Silk is a natural fiber produced by some arachnids and insects, and some of it can be processed into fabric.
Silk is an animal-made protein fiber that has been used by humans as a source of textile material for thousands of years. The production of this material originated in China at some point during the 4th century BCE. The type of silk that is most commonly used to make textiles is primarily made from a protein called fibroin.
Many types of insects produce the substance, and they use it for different things. For example, web-spinning spiders make their webs out of this material. Spiders can produce different types of silk that help them perform many tasks. For example, some spiders use silk to produce a sticky web to capture prey while others use it to help them make balloons with which they can drift through the air.
Mulberry silkworms are another creature that produce silk. These insects create the silk that is most frequently used in textiles. When these worms are ready to undergo metamorphosis, they will spin a cocoon. That is when these silkworms start producing threads of silk.
This material is very important in the animal kingdom. Yet, humans have also created large-scale operations to farm natural silk and generate artificial silk for use in clothing and decorations.
What Animals Make Silk?
The mulberry silkworm is the most significant creature involved in the production of natural silk. These creatures are the larval form of the species Bombyx mori, the domestic silkworm. These insects are used for economically viable production instead of other members of the Bombyx genus. Still, silkworms are far from the only creatures that can make silk in the animal kingdom.
Examples of organisms that produce silk include:
Not every species of these organisms produces silk.
How Do Creatures Make the Thread?
Bombyx mori is the most common creature to produce the silk used by humans. They begin to create the the matieral when they are getting ready to pupate. These worms have two specialized salivary glands in their heads. Those glands take the proteins the worms obtain from feeding and help them turn a liquid into fine threads.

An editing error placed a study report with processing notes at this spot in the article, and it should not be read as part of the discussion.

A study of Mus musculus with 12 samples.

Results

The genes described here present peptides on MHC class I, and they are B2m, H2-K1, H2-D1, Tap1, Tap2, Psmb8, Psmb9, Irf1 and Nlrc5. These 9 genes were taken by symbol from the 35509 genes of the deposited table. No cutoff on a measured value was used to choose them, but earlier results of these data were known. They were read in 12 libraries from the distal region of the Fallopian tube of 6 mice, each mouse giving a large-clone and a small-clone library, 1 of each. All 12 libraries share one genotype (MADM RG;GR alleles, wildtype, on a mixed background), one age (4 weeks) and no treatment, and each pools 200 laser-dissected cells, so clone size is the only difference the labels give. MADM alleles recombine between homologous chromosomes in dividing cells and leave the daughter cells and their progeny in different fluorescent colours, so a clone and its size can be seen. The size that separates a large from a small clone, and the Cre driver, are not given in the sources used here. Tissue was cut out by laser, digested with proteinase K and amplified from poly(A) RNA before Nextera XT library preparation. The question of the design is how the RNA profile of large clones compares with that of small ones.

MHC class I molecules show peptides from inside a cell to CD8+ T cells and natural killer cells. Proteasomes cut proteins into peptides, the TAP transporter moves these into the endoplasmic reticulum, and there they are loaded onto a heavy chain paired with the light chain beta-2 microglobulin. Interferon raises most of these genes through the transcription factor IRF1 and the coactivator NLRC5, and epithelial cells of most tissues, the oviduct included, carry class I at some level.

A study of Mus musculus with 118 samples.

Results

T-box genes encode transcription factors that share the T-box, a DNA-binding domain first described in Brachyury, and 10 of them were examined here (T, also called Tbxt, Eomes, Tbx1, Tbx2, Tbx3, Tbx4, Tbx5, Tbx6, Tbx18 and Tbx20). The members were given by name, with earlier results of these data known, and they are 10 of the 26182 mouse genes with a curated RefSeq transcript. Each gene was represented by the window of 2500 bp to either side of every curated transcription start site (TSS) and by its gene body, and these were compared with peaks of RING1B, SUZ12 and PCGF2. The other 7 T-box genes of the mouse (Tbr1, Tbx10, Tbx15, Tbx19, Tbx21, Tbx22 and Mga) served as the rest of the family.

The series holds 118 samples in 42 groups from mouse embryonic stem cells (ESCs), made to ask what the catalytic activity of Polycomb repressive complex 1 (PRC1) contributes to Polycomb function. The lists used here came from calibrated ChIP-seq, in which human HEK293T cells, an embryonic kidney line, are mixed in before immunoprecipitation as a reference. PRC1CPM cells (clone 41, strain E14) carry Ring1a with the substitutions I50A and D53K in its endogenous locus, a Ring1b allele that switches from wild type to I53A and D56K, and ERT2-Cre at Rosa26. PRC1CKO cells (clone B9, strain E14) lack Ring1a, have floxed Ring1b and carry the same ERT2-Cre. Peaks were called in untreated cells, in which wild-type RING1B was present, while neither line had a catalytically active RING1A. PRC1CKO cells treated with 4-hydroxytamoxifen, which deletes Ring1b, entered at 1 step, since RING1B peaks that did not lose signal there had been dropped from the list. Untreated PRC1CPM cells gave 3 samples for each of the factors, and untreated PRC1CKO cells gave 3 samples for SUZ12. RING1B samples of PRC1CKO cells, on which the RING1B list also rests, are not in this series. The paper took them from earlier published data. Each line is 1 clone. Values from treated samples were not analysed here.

The worm excretes the liquid through its salivary glands. This liquid hardens into the threads as it comes out of the worm. Typically, the worm would continue to produce this material until it makes an entire cocoon. Then, the critter would undergo metamorphosis and emerge as a moth.
Other animals make silk in other ways. For example, spiders also have a liquid form of what will become fiber in their bodies. They produce the fiber from the spinnerets on their abdomens to make gossamer, their webs.
What Are the Uses of Silk?
Humans have used silk in many ways throughout history. In particular, the material that Bombyx mori make has been utilized for many purposes dating back thousands of years. Some of the most common uses of silk in the past and present include:
- Surgical sutures
- Fishing lines
The material’s inherent strength as a natural material makes it valuable. In the case of sutures, silk has been valued for its ability to be tied, its tensile strength, and its visibility against the skin.
Clothes and bedding made from this type of substance are lightweight, hypoallergenic, and soft. Also, the material’s distinct sheen provides a unique look for decorations.
This textile material is very versatile. However, producing silk is not always simple.
How Do Humans Obtain This Product?
The production of silk as a textile has been ongoing for thousands of years, and evidence shows that the process first began in China. The desire to have more silk has led to an entire industry called sericulture. This industry first started thousands of years ago, possibly as far back as the Yangshao Period between 5,000 and 3,000 BCE.
Sericulture is silk farming, and it is a process that can have some variations to it. Generally, sericulture begins with having certain species of moths lay eggs in a controlled environment. The eggs mature and hatch into larvae that are then fed the mulberry leaves from which they derive the nutrition to produce liquid silk.
This process lasts for about 5 weeks until the larvae are ready to spin their cocoons and undergo metamorphosis. After they spin their cocoon, the silkworms are either boiled or steamed. This act preserves the fabric but kills the insect. Then, the cocoon is spooled, entwined, and threaded to make silk products.
Roughly 2,000 silkworms are harvested to produce every pound of silk on the market.
Of course, humans also like the idea of creating artificial material that is not harmful to worms and can be produced faster and cheaper than farming. Some of these artificial substances use bamboo, lotus flowers, and other materials to make a similar fabric. Rayon is a semi-synthetic fiber that is similar to silk, and it is used for many of the same purposes as silk.